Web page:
In just a couple days the government in Canada will reveal plans to legalize marijuana, with the goal of having a marijuana law in place by July 1, 2018, CBC.CA reports. The new law will include penalties for selling cannabis to minors and for driving under the influence of the drug, along with funding for public awareness campaigns and rules on how the products can be marketed. The government even has a special saliva test ready that can be used roadside, similar to an alcohol test.

While it remains to be seen whether we’ll have U.S. citizens traveling en masse to Canada to get their hands on legal pot once it becomes available there, I continue to advocate legalization of medical marijuana in the states.

Today, the majority of Americans support cannabis either as a medicine, for recreational use or both, and a 2013 survey found a majority of physicians — 76 percent — approve of the use of medical marijuana. Unfortunately, the concept of cannabis as a medicine has been overshadowed by the demonization of its recreational use, with the U.S. Drug Enforcement Agency (DEA) continuing to list not only marijuana, but its oil (CBD), as Schedule 1 drugs alongside heroine, LSD and ecstasy.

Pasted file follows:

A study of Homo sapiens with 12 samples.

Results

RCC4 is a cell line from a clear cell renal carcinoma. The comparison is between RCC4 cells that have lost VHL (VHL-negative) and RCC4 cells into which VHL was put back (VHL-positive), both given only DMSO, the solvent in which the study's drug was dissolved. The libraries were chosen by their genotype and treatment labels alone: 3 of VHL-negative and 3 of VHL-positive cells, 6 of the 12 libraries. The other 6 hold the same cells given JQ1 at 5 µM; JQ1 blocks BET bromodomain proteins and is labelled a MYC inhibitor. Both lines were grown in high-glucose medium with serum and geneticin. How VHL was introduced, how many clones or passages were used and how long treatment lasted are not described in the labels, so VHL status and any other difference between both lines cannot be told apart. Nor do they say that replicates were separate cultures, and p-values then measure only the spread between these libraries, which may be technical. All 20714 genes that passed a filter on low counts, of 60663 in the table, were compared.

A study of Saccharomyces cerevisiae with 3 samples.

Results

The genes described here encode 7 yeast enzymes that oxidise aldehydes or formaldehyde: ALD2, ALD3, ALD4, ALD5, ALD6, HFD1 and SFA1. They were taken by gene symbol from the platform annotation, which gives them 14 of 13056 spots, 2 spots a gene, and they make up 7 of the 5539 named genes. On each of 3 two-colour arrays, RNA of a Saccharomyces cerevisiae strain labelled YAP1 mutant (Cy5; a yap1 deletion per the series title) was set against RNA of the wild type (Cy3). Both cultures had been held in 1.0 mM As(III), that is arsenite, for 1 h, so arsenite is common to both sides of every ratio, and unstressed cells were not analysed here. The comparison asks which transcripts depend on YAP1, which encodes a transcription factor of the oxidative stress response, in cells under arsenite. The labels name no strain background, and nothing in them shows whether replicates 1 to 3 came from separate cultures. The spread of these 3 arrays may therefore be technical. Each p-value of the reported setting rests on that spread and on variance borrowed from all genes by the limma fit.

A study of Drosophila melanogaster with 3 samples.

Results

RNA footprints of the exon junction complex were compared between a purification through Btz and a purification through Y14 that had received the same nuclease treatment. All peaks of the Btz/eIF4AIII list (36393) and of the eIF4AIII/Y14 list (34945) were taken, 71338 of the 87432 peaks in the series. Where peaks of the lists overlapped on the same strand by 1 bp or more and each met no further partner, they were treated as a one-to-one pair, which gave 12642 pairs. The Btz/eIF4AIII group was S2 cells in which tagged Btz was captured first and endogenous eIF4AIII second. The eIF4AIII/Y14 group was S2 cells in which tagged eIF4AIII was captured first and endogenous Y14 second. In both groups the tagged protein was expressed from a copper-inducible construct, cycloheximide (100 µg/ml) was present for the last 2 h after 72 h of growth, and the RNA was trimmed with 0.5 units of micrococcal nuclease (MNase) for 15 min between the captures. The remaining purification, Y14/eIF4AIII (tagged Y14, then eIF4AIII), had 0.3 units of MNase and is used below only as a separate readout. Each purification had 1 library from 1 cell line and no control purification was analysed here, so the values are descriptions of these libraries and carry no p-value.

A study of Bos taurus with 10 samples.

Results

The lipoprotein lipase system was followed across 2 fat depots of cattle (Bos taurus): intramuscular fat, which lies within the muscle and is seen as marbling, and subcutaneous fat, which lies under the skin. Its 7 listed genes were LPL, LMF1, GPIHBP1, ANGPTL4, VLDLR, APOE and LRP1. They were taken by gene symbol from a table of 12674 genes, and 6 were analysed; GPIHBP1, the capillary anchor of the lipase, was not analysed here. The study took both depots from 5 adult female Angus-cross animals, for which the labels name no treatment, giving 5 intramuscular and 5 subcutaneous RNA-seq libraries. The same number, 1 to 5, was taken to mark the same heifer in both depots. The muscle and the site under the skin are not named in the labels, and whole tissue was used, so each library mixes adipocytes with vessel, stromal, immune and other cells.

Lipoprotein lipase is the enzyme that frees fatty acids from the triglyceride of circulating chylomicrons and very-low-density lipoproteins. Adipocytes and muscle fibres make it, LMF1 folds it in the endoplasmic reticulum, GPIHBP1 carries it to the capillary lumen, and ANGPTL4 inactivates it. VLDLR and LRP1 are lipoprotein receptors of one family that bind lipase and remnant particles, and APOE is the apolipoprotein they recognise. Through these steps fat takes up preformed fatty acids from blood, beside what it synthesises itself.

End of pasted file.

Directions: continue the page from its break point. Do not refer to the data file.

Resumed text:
The truth is modern research has shown time and again that marijuana’s medicinal properties are real. It can treat insomnia, menstrual cramps, nausea, muscle spasms and even depression, as well as cancer, epilepsy, Parkinson's disease and Tourette's syndrome, and as a host of other diseases. In light of Canada’s latest move, it’s time for the U.S. to move into the current century and deal with this issue in a more realistic manner, so that those who want to use it as medicine, can.